DNA sampling used to save tigers

By Wu Yong (China Daily)
Updated: 2008-02-16 11:56

Siberian tigers kept at a reserve in Harbin, the provincial capital of Heilongjiang, are being given a dose of selective breeding to prevent genetic degeneration of the species, park officials have said.

Big cats roam the snow-covered Siberian Tiger Park in Harbin, Heilongjiang Province, in this file photo. The park, which breeds the endangered beasts, is facing financial difficulties. [China Daily]

"We will choose 50 tigers for breeding according to DNA test results," Liu Dan, chief keeper at the Siberian Tiger Park, said.

Over recent years, the park has conducted DNA sampling on all tigers over a year old to prevent "inbreeding" and reduce the genetic degeneration of the species, Liu said.

"The ultimate goal is to build a family tree for them, so as to guarantee the pure blood of the species and prevent genetic degeneration," he said.

Founded in 1986, the Harbin-based park is one of the nation's largest Siberian tiger breeding bases, with more than 800 of the animals.

Besides inbreeding concerns, the park also wants to rein in the population of the big cats.

After two decades, the center has seen successes in breeding the tigers, with their numbers increasing from just eight at the start of the breeding program to more than 800 currently.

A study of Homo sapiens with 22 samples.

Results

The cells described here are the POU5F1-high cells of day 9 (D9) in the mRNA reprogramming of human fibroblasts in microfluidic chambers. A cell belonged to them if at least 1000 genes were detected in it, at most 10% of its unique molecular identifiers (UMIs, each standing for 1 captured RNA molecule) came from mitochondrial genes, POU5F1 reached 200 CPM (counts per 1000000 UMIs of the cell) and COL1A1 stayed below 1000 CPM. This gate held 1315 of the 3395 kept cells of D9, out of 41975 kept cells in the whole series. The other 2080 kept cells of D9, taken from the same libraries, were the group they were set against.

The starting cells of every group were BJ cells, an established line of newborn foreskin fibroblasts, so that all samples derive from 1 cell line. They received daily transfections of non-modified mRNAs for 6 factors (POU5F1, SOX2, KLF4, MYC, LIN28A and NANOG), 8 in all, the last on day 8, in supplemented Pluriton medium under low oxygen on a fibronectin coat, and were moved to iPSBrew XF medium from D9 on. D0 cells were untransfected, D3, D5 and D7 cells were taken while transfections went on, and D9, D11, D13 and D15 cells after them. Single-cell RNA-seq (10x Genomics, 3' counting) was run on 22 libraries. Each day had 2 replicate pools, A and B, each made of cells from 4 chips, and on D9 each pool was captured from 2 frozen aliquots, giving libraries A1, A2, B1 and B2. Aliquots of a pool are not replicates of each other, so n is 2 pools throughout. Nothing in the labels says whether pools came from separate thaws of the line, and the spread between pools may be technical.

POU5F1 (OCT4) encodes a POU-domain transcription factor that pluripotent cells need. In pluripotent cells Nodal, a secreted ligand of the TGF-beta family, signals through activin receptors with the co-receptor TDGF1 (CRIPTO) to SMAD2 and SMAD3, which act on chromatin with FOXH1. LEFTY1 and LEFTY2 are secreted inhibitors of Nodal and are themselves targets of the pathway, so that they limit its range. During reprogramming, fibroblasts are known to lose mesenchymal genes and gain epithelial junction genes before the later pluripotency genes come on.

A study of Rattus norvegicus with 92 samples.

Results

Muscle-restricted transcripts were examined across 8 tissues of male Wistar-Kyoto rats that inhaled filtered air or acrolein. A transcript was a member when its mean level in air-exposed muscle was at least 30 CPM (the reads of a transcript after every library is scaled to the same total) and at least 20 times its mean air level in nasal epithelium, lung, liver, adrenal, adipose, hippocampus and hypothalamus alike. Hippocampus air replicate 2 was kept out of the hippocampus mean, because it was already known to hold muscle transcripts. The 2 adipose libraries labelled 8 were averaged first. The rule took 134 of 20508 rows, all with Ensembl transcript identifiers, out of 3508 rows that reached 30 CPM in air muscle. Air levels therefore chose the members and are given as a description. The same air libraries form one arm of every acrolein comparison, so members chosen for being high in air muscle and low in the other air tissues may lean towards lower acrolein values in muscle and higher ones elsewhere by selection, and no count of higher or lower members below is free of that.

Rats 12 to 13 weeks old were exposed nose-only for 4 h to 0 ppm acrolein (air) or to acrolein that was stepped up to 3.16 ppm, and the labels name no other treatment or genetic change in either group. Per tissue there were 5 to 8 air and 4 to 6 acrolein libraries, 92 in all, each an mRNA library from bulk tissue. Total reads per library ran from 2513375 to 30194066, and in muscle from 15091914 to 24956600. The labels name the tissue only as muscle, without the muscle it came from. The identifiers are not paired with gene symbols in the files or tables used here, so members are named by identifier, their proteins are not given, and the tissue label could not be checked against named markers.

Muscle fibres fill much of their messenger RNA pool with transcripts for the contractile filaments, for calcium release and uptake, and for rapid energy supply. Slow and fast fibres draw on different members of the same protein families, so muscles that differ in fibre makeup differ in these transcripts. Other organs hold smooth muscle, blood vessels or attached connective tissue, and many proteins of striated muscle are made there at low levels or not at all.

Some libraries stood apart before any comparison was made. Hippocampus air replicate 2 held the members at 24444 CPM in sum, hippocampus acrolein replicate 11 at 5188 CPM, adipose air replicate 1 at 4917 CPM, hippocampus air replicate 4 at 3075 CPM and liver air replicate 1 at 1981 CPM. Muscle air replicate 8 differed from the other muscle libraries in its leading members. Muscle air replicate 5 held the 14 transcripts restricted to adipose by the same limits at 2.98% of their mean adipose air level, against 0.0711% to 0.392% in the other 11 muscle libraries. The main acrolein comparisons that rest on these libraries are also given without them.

But the population explosion has led to a different challenge - feeding the beasts.

The cost of food and medical care for one tiger has been put at about 30,000 yuan ($42,000) a year.

This means the park has to spend more than 20 million yuan a year on its tigers, sources familiar with the park's operations said.

The park receives only limited income from ticket sales and government funding, officials said.

"This is far from enough," Wang Ligang, the park's general manger said, adding that the gap is widening every year.

Wang urged the government to lift the ban on tiger trade to ease the financial burden.

"The trade of bones from tigers that are bred in captivity and subsequently die of natural causes will not affect the conservation of wild tigers. This can help raise funds for living tigers and also provide relief to patients," he said.

In Chinese medicine, tiger parts are used as cures for illnesses ranging from colds to rheumatism.

China joined the Convention on International Trade in Endangered Species of Wild Fauna and Flora in 1981 and imposed a ban on the harvesting of tiger bones in 1993, starting a long-running debate between proponents of the trade and conservationists.

A recent poll conducted by the Save the Tiger Fund showed almost 95 percent of respondents in seven major cities supported the ban, according to the Xinhua News Agency.

Siberian tigers, which are among the world's 10 most endangered species, mostly live in northeast China and the far east region of Russia.

Of the 400 tigers estimated to be in the wild, only 10 to 17 are said to live in Northeast China.